Vicarious Trauma is a known occupational hazard for a number of professions. Often these are:
- First responders – police, ambulance and fire fighters;
- Doctors and other health professionals (particularly nurses, psychiatrists and psychologists);
- Social workers.
So what is Vicarious Trauma. The Vicarious Trauma Institute (USA) defines it as the “indirect exposure to trauma through a first-hand account or narrative of a traumatic event”.
This is an interesting topic and there have been recent developments in this area.
It is well established that employers have a duty of care to their employees to provide a safe working environment and that duty is non-delegable. That means that employers cannot escape liability by suggesting that someone or some other company was responsible for a certain aspect of training, safety, provision of suitable plant and equipment.
In certain settings, employers may be liable to their employees if they fail to have appropriate Vicarious Trauma training and policies to manage this high occupational risk.
However, it may not be as straightforward as it seems.
Let’s do a case review: –
Hegarty v Queensland Ambulance Service  QCA 366.
This case involved a Queensland Ambulance Officer who developed a severe PTSD and Obsessive Compulsive Disorder as a consequence of his work as an ambulance officer. There were a number of quite traumatic and distressing scenes in this Mr Hegarty was required to attend.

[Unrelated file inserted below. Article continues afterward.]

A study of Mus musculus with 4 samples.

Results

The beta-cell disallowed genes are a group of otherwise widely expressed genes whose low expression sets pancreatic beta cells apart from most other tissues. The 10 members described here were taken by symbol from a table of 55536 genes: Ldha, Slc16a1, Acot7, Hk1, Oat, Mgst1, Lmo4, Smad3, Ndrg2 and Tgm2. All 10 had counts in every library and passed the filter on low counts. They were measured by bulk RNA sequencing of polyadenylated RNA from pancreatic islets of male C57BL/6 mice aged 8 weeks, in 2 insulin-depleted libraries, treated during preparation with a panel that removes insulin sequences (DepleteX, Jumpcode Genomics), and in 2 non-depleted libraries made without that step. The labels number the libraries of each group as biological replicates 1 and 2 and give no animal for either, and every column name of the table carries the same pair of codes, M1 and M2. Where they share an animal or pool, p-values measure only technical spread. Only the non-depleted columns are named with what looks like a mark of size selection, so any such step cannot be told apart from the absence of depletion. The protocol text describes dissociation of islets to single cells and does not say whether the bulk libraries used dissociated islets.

The case looked at the QAS program known as “Priority One” which was a program developed in May 1992 and progressively introduced. This was in recognition of the occupational stress in emergency services personnel.
It was confirmed that an employer has a duty of care to an employee in respect of any psychiatric injury that develops which is “reasonably foreseeable”. Mr Hegarty won his case at trial, however on Appeal in the Queensland Court of Appeal he lost his appeal.
Some of the issues that leant against the liability of QAS to Mr Hegarty in this instance were:-
- He remained proficient in his duties;
- He remained ambitious;
- His apparent physical problems and reasonable requests for a transfer
The Court found that it would have been difficult to see how a “layman” in the position of Mr Hegarty’s supervisors, even if they were trained, could have alerted his supervisors (thereby his employer) that his cluster of complaints as a “signal” that he was not coping with the stress of his job.
This was a sad outcome for Mr Hegarty and this case has led the way particularly in Queensland against the protection for vicarious trauma for our emergency services personnel.